DANBURY, Conn. -- Third-, fourth- and fifth-graders at the Wooster School in Danbury visited The Aldrich Museum in Ridgefield earlier this month to participate in the ArtWrite Program.
This is the first year of the Aldrich-Wooster Partnership, a schoolwide initiative that uses contemporary art as a catalyst for critical and creative thinking in all disciplines. The students visited installations by three artists: B. Wurtz -- "Four Collections," Ruby Sky Stiler -- "Ghost Versions" and Virginia Poundstone -- "Flower Mutations."
Each artist exhibited pieces of original work alongside examples of sources of inspiration. In preparation for this visit, each grade studied the materials and concepts behind the work of one of the exhibiting artists in both art and science.
The fifth grade, without knowing anything about the B. Wurtz installation, studied the aluminum pan -- its design, its function, the properties of the metal. They pondered the question, “If we hang it on the wall, is it art?” They then took actual aluminum pans and transformed them into art.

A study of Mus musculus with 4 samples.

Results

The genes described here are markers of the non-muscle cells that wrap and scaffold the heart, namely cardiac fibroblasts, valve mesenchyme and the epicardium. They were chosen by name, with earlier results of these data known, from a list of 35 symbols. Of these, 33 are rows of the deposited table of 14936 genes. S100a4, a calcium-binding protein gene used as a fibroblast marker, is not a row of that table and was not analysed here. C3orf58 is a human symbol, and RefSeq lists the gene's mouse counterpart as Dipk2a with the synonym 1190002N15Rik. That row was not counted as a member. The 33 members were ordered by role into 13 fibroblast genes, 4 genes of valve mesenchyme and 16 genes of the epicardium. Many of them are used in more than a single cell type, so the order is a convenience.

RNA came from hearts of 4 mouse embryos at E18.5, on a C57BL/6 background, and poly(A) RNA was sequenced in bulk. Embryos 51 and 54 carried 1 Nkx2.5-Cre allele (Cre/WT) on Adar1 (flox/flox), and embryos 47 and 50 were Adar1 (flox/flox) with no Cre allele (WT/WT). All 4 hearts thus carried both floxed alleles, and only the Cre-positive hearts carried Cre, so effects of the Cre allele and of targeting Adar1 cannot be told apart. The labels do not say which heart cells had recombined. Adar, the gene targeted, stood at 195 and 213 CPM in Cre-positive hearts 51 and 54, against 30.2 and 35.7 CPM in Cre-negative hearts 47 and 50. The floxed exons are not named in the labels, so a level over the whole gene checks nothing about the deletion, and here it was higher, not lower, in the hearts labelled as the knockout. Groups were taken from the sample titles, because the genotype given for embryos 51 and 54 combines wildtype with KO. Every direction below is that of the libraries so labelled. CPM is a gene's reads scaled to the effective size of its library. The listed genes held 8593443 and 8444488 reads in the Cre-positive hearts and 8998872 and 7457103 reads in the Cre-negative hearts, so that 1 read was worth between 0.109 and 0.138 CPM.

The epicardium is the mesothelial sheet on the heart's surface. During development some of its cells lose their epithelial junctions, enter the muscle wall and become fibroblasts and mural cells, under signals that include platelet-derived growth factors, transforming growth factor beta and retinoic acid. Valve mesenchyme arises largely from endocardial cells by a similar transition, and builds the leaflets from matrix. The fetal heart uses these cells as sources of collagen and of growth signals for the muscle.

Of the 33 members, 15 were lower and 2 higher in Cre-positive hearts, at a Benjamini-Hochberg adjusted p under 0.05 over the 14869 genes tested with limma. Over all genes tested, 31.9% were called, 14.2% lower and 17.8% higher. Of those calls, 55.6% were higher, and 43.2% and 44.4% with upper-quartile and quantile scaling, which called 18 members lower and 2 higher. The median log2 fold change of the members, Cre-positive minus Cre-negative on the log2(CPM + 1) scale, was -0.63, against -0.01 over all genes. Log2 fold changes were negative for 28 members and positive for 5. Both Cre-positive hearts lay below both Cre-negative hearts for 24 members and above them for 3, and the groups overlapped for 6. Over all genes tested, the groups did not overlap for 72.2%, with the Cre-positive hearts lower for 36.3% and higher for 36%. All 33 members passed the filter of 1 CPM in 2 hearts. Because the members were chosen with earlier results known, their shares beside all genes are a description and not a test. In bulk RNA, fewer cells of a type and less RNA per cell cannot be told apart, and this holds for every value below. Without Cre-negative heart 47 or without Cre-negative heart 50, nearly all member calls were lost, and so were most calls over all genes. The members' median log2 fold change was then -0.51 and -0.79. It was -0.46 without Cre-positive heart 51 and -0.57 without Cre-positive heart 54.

The fourth grade, without knowing the work of Ruby Sky Stiler, studied plaster -- as a substance, its chemical reaction and as a means to reproduce an object, making plaques from collages and casts of their hands.
The third-graders drew flowers, then used the flower form as a design element in lovely paper quilts. In science, they revisited the flower experiments they did last year, letting the daisies drink colored water, unwittingly studying the work of Virginia Poundstone.
Wooster School is an independent, co-educational college preparatory day school, serving students from Fairfield and Westchester counties. Located in Danbury, the school serves students from pre-kindergarten through grade 12.
The Aldrich Contemporary Art Museum is dedicated to fostering innovative artists whose ideas and interpretations of the world around us serve as a platform to encourage creative thinking. To learn more, visit http://www.aldrichart.org/.